Tony Scott’s Autopsy Reveals Multiple Medications, No Terminal Illness
A toxicology report from the L.A. County Coroner's office has revealed that director Tony Scott had a cocktail of prescription sleeping aids and anti-depressants in his system when he jumped to his death off the Vincent Thomas Bridge on Aug. 19.
The celebrated 68-year-old director of movies like 'Top Gun' and 'Beverly Hills Cop II' committed suicide amid a flurry of unsubstantiated rumors and speculation, including that he had inoperable brain cancer and ended his life due to complications related to the illness (something his wife denied).
The autopsy confirmed that Scott obviously died of blunt force trauma sustained from his jump, and that levels of Lunestra and Mirtazipine were found in his body -- but there was no trace of any terminal illness.
Why he took his own life is still a mystery. Witnesses who called 911 from the scene of Scott's suicide said he parked his car on the bridge, got out, crawled to the top of a fence and, after a brief pause, simply leaped over the edge.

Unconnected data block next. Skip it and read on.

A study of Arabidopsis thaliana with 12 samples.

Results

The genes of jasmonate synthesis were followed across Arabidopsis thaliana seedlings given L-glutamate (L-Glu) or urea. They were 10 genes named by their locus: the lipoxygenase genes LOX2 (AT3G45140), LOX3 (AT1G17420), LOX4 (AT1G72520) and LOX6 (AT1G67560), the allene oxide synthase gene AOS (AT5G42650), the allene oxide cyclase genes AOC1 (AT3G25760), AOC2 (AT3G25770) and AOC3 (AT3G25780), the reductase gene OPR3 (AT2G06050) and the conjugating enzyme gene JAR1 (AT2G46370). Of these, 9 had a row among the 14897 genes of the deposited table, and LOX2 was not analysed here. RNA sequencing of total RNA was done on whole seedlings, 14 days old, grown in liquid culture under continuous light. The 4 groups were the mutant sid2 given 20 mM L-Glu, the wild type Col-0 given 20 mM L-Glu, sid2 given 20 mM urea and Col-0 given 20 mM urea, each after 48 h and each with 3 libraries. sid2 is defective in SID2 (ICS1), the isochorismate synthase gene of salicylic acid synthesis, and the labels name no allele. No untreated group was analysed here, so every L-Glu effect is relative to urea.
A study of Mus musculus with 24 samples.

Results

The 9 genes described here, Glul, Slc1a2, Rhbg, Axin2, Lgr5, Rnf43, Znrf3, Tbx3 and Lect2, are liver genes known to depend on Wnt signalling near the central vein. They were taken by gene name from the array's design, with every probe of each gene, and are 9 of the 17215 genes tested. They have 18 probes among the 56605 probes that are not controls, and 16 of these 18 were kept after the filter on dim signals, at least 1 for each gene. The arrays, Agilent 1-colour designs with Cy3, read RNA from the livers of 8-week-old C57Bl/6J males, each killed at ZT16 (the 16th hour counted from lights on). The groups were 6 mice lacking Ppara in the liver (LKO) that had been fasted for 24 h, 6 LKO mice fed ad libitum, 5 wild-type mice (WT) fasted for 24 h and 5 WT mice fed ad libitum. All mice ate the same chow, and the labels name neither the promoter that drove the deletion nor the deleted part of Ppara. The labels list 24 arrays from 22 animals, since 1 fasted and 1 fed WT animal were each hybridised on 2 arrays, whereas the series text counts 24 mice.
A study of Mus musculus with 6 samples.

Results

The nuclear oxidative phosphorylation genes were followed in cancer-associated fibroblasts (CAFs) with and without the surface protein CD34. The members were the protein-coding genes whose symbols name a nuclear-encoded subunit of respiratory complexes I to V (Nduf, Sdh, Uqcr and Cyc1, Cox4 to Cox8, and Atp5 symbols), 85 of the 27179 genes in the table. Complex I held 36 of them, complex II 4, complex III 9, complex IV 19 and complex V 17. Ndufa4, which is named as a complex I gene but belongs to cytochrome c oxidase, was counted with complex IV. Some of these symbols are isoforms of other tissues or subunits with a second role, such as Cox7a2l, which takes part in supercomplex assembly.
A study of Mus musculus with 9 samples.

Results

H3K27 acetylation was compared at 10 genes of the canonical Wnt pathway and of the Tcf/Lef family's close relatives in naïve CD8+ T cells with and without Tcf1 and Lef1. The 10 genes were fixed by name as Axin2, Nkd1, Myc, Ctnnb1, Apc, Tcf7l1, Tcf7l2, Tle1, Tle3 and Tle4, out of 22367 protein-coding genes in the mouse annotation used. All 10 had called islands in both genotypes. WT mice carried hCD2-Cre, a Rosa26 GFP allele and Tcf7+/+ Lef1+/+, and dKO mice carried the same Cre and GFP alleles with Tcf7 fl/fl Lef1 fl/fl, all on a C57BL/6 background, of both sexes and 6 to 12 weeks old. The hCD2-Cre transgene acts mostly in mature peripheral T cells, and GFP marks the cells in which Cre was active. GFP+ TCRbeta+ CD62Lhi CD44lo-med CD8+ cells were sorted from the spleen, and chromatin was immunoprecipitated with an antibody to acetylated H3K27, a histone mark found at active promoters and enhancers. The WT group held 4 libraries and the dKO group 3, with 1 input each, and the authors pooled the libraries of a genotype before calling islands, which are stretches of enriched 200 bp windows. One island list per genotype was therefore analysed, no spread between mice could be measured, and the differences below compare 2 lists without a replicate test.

Friends and associates said there was no hint he'd even been depressed.
Elizabeth Gabler, whose Fox 2000 studio division made 'Man on Fire' and was developing Scott's next film, 'Lucky Strike,' said he was "laughing and energetic" in the days just before the tragedy.
"In a million years, this isn't something I'd have thought he'd do," added Mark Bomback, a writer on the Scott movie 'Unstoppable.' "I never had an inkling ... You'd think he was making his first film from his level of energy and enthusiasm."